Cities Unleash Secret Underground Weapon to Become Clean Energy Powerhouses
Companies are tapping into cities' underground networks of steam pipes as a source of clean energy.
"Green steam," as it's called, "recaptures and reuses thermal energy previously lost to the environment, utilizing advanced cogeneration technology," according to Paris-based Veolia, which operates a dozen of these networks in North American cities including Boston, Philadelphia, Baltimore and Montreal.
District energy, piping steam or water to a circuit of buildings for heating and cooling, is already widely used in many cities, according to National Geographic. There are more than 700 of these subterranean systems in the U.S. alone. But the source of that energy has often come from coal- or oil-fired power plants. "Now many old systems are getting retrofits to deliver green steam generated with cleaner fuels and recovered waste heat," National Geographic explained.
Take Veolia. They spent $112 million to upgrade the gas-fired Kendall Station power plant in Cambridge, Massachusetts in 2013. The plant captures waste heat that was going into the Charles River and instead funnels it into a 7,000-foot pipeline to heat and cool buildings in Boston and Cambridge. According to the company, 70 percent of Boston’s high-rise buildings are served by the green steam.
The company claims their green steam system has reduced the region's annual greenhouse gas emissions by 475,000 tons, the equivalent of taking 80,000 cars off the road every year.
“These legacy urban networks that were built back in the day by the utilities have become, fundamentally, portals for sustainable energy,” Bill DiCroce, who leads commercial and municipal business for Veolia, told National Geographic.
How cities, incl Boston use “green steam” to heat buildings & reduce emissions https://t.co/QWFWDEPLnw via @NatGeo https://t.co/8CyE8T117o— Barr Foundation (@Barr Foundation)1455037189.0
Other systems "use tree trimmings, household waste and other biomass to generate electricity, capturing the surplus heat in the process and delivering it to customers," National Geographic explained.
For businesses, it often makes economical sense to tap into this energy source. “It’s a lot cheaper” to buy energy from that system “than it is for me to actually have to maintain a piece of equipment that would heat enough water or steam to keep these buildings going,” Chris Sherman, Boston's Faneuil Hall marketplace operations manager, said.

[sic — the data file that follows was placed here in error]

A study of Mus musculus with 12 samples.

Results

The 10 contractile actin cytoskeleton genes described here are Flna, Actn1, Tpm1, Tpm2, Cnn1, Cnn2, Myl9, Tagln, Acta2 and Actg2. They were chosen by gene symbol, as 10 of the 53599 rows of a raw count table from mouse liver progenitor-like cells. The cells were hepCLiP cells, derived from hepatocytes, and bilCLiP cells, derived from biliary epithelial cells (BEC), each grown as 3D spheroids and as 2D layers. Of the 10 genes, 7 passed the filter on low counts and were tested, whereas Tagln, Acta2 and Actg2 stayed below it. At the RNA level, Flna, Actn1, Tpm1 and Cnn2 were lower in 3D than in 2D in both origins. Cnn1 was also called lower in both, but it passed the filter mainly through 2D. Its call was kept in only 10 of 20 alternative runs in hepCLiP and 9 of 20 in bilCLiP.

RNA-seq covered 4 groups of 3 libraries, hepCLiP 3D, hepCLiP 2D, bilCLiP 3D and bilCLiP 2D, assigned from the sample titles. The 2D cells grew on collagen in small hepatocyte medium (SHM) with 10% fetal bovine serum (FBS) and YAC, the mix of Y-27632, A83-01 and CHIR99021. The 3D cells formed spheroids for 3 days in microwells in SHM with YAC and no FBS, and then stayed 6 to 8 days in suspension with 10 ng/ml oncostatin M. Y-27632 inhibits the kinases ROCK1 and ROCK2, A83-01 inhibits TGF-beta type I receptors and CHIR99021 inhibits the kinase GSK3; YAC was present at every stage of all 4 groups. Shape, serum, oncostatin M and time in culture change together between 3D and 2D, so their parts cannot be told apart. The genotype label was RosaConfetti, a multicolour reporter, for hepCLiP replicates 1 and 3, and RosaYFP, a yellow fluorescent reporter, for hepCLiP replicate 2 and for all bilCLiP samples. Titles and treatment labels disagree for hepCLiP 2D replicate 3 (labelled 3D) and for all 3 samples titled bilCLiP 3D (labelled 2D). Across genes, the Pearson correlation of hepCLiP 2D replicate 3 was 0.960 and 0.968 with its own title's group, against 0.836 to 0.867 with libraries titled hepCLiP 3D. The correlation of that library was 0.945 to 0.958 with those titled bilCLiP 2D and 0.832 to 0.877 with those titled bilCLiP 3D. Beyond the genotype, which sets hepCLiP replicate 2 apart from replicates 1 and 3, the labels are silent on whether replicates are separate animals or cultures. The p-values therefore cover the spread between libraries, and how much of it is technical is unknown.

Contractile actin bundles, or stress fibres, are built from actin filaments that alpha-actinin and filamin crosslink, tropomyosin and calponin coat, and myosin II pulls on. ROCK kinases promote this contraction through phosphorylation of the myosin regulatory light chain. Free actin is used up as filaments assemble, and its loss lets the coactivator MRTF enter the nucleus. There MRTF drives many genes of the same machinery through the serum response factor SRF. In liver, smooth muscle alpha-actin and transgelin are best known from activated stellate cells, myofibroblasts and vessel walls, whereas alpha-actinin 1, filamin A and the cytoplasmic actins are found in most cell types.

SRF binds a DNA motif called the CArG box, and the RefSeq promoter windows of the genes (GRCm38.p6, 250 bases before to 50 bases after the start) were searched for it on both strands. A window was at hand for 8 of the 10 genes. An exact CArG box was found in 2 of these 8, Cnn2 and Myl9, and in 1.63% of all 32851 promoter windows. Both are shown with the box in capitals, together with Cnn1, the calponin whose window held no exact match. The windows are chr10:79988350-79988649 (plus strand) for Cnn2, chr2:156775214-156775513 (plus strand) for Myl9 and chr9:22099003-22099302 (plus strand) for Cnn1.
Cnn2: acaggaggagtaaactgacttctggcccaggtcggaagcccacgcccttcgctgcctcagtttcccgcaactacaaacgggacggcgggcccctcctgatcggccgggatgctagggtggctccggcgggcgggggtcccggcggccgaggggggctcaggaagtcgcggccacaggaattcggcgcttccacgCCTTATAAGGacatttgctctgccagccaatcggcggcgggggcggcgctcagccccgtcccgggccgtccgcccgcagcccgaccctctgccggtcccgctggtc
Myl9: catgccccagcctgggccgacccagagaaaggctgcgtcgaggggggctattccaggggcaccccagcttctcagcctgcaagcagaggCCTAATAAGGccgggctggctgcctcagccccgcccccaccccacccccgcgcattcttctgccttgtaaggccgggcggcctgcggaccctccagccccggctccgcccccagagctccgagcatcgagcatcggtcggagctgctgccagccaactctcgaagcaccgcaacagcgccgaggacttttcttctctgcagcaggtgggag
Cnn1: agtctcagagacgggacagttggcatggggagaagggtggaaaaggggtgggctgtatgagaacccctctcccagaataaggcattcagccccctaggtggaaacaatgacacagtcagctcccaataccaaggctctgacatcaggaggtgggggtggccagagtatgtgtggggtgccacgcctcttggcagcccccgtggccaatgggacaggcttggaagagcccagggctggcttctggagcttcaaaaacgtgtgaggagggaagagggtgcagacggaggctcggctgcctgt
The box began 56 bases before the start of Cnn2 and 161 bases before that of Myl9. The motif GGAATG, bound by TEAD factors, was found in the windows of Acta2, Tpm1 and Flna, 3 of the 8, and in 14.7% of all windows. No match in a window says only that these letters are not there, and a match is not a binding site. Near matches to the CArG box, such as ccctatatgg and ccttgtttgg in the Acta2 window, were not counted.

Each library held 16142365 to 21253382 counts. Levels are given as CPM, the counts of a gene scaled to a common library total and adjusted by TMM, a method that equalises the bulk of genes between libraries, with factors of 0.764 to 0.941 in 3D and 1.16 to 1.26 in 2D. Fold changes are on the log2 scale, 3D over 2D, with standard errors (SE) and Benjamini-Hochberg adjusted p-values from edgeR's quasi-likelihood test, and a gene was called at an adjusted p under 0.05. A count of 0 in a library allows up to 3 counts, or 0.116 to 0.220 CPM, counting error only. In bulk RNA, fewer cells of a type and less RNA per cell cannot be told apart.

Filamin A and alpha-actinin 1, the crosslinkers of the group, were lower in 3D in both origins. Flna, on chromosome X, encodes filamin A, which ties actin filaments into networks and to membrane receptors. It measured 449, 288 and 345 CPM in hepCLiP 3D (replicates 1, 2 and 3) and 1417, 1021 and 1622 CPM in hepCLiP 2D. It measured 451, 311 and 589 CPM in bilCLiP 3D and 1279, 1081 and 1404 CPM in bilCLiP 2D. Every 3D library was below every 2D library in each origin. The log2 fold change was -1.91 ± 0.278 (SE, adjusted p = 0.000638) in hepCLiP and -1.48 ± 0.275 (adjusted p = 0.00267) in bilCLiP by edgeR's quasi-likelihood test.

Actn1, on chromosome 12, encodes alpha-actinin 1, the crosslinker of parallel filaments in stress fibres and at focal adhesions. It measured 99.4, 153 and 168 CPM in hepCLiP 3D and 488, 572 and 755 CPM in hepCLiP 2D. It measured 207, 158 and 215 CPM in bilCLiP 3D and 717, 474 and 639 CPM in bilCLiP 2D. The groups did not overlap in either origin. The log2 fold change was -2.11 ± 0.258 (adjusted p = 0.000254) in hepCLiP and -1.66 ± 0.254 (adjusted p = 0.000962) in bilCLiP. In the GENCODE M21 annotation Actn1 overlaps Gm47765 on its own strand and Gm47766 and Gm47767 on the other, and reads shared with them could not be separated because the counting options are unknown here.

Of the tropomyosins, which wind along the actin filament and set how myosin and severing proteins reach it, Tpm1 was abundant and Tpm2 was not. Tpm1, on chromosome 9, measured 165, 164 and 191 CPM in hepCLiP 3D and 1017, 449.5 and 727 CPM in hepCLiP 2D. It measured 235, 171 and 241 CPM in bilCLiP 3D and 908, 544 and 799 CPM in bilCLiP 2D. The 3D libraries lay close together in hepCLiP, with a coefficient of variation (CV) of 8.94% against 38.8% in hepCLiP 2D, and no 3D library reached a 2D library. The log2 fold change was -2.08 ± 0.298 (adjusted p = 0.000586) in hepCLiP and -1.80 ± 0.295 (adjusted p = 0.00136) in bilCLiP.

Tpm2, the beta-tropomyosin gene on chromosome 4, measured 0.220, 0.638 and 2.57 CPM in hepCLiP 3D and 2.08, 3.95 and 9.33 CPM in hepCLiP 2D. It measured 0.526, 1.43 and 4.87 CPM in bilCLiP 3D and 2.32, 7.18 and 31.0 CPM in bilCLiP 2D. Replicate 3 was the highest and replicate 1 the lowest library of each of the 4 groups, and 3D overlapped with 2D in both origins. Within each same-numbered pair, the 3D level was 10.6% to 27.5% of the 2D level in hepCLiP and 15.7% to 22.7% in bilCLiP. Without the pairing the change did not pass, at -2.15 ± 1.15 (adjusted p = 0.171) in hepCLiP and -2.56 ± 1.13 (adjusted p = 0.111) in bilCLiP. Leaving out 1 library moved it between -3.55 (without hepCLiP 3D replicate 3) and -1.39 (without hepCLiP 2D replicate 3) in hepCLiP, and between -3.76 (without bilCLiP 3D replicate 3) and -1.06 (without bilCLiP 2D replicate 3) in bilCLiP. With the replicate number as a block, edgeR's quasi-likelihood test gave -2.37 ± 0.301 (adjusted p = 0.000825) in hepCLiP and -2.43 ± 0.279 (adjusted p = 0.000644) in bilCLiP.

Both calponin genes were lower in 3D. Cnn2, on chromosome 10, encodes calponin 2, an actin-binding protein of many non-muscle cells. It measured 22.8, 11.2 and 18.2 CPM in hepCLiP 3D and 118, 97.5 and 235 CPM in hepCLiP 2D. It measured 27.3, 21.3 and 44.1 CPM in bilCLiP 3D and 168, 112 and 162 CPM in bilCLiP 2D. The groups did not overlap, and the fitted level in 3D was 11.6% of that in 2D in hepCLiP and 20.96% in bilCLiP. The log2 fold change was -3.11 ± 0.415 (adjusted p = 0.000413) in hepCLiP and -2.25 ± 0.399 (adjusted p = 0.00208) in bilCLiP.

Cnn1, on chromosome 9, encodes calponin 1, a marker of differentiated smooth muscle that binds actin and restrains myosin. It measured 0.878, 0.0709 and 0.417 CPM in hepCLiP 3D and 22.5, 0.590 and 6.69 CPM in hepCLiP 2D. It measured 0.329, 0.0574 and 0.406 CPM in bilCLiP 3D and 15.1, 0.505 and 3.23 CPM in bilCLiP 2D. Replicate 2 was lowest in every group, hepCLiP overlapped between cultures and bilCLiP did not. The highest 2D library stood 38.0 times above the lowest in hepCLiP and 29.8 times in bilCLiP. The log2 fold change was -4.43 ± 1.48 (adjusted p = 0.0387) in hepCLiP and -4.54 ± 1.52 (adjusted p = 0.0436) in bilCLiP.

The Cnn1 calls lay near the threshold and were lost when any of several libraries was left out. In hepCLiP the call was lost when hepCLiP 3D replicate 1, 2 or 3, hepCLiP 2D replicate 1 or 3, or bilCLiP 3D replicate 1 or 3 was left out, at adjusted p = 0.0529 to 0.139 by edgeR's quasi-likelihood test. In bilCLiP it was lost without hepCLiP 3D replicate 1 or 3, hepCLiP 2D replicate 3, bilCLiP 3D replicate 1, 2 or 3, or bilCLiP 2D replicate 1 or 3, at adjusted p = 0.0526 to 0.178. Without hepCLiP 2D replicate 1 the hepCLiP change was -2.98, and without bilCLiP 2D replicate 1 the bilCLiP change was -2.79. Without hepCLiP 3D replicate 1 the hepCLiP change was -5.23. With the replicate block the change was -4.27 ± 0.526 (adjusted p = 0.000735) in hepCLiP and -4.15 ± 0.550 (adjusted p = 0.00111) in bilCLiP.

In Minnesota, District Energy St. Paul, which heats 80 percent of buildings in downtown St. Paul, is greening its operations too. In October 2015, they announced plans to end the use of coal by 2021. They said this will reduce carbon dioxide emissions by 27 percent or 21,000 tons. They already utilize renewable energy sources, such as waste heat from biomass-fired combined heat and power and North America’s largest solar hot water system, but plan to increase their renewable sources as they phase out coal completely.
And using district energy to increase energy efficiency and renewables is even more popular outside of North America. A UN report last year identified 45 "champion cities," such as Copenhagen, Oslo and Tokyo, which used district energy to cut primary energy use 30 to 50 percent.
Copenhagen stood out in particular. Ninety-eight percent of the city’s buildings utilize district energy, and the city is working on converting all remaining coal-fired combined heat and power systems to biomass, according to the International District Energy Association.
Rob Thornton, president and CEO of the International District Energy Association, told National Geographic that cooling projects are getting “dramatic investment” in the Middle East, while Denmark and other countries are integrating solar farms to heat water for distribution.
There have been issues with leaks and explosions in some cities, but Veolia said they're rare. Some utilities, such as District Energy St. Paul, converted their systems to water to avoid the problems of steam explosions.
Still, "district energy has been slower to take off in North America because it’s driven mainly by private investment," Pernille Overbye, managing director of Canadian district energy at Ramboll, told National Geographic. But that may be changing. The U.S. Department of Energy has started supporting more district energy with a technical assistance program and possible loan guarantees.